Bank Negara Malaysia’s international reserves rose by the most in 16 months, increasing by USD4.9b or 4.4% MoM to USD114.6b as of 30 December 2022 − Sufficient to finance 5.2 months of imports of goods and services (previously retained imports) and is 1.0 time total short-term external debt.
The rise was mainly attributable to the improvement in market condition as reflected by an increase in foreign currency reserves and gold − Foreign currency reserves (+USD4.4b or 4.5% MoM to USD102.6b): back to above the USD100.0b level for the first time in seven months, mainly due to FX revaluation gains and higher converted value of non-dollar assets. − Gold (USD0.24b or 11.4% MoM to USD2.3b): the fastest pace of increase in almost seven years due to an increase in gold price amid recessionary fears.
Meanwhile, both special drawing rights and IMF reserve positions increased by USD0.17b and USD0.07b respectively. In ringgit terms, the value of BNM reserves declined by RM5.7b or -1.1% MoM to RM503.3b − USDMYR monthly average (4.410; Nov: 4.610): the ringgit appreciated by the most since September 1998, mainly due to the USD index (DXY) downward correction amid Fed’s less hawkish expectation, US cooler-than-expected core inflation reading, seasonal weakness and the Bank of Japan’s surprise policy shift. The local note was also supported by the strengthening of the yuan amid China’s reopening optimism. However, the ringgit’s upside was partially capped by weaker-than-expected domestic macroeconomic readings and global recessionary fears.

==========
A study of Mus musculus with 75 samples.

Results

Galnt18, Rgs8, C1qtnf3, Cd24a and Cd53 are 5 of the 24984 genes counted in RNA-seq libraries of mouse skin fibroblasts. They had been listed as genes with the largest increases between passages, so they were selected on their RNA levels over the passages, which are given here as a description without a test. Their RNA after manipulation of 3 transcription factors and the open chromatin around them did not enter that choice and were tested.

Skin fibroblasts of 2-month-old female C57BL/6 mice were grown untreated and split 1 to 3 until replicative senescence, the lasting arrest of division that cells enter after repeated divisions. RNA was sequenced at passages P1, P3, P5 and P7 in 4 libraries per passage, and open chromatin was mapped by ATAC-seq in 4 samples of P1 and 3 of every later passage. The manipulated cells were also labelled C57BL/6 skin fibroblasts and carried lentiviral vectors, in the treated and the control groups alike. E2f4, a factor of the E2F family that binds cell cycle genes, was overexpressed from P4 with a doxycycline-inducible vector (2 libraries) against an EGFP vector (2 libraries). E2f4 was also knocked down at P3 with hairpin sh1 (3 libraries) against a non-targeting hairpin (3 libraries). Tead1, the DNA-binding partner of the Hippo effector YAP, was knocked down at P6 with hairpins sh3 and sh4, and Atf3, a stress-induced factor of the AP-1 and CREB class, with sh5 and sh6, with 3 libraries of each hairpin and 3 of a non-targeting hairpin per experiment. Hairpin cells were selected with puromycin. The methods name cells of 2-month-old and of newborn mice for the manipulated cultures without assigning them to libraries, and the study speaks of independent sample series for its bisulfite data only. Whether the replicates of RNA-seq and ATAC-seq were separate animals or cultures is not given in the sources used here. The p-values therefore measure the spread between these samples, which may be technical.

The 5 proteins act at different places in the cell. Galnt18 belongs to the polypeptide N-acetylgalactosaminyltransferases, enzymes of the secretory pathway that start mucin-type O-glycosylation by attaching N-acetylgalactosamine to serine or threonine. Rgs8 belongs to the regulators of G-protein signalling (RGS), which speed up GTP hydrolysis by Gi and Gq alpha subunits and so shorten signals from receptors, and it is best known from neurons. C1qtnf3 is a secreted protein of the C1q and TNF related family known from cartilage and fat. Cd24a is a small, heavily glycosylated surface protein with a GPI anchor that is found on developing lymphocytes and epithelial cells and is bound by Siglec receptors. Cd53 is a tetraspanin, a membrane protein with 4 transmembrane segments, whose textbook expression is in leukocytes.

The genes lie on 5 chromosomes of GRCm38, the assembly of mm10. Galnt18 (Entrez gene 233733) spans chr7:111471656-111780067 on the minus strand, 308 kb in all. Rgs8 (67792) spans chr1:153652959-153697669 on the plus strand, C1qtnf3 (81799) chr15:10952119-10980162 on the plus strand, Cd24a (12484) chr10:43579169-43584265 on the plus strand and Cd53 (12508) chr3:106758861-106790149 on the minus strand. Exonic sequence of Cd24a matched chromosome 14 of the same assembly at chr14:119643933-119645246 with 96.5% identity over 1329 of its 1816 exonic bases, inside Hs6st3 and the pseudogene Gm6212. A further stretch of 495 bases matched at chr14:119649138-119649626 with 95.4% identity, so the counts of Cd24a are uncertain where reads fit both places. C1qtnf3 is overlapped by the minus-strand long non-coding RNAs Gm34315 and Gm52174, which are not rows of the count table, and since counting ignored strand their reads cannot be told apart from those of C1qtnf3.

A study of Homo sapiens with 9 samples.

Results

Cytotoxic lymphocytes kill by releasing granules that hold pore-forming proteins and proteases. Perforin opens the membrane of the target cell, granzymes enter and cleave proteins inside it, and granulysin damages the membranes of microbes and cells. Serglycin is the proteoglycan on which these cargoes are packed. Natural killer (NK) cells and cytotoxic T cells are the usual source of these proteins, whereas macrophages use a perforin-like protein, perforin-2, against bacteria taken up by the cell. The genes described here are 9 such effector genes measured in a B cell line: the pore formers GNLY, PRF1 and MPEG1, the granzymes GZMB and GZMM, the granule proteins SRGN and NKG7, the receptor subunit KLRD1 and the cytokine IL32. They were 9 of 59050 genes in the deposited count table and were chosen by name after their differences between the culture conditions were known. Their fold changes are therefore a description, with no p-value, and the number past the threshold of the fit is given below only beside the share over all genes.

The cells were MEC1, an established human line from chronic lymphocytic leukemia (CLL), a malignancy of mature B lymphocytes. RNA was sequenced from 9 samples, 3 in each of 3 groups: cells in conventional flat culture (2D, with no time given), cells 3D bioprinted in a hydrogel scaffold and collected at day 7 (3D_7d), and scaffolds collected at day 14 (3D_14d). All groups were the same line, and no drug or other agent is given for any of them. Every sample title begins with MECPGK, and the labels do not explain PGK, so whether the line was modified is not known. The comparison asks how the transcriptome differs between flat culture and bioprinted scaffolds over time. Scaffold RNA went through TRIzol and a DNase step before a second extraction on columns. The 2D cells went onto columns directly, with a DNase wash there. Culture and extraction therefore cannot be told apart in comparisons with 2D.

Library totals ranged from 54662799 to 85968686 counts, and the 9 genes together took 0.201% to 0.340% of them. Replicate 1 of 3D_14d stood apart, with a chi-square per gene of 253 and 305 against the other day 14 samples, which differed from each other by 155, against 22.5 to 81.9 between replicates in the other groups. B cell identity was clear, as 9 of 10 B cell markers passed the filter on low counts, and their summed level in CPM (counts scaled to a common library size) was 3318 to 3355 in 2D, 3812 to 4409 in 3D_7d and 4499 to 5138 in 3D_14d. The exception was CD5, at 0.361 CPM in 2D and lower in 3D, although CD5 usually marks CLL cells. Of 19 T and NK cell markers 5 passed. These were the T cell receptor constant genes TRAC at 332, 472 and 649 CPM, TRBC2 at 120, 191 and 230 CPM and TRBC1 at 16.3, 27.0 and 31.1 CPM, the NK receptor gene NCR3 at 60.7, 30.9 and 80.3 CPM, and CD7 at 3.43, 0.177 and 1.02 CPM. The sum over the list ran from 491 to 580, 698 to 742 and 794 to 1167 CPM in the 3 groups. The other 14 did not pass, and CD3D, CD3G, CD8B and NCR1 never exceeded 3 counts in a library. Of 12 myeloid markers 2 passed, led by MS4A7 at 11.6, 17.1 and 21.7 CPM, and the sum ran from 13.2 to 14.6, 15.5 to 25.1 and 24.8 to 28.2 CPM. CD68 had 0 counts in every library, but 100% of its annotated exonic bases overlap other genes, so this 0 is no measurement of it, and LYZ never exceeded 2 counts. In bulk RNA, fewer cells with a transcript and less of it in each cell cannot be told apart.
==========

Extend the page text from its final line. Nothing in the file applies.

Regional currencies: all ASEAN-5 currencies strengthened against the greenback as the DXY fell to an average of 104.5 in December (Nov: 108.0) due to a return of risk-on sentiment. The appreciation was led by THB (4.7%), followed by MYR (4.5%), PHP (3.5%), SGD (2.6%), and IDR (0.3%).
Kenanga is of the view that BNM may end its tightening cycle soon due to the looming global growth slowdown and increasing uncertainties − In an attempt to curb the record-high core inflation, BNM is expected to deliver its fifth rate hike in a row on 19 January, bringing the overnight policy rate to 3.00%. In March, the possibility of another similar-sized rate hike depends mainly on the inflation trend and growth outlook, in which a higher-than-expected reading may compel the BNM to increase the OPR to 3.25%. − USDMYR year-end forecast (4.11; 2022: 4.40): a further widening of monetary policy divergence between BNM and the Fed may pressure the ringgit to trade weaker against the USD in 1Q23. However, in 2023 as a whole, the research house has a fairly bullish opinion on the ringgit, with the local note expected to trade stronger around the 4.32 level on average as it benefits from diminishing USD strength due to a potential Fed pivot in 2H23 and the appreciation of the yuan due to the eventual reopening of China.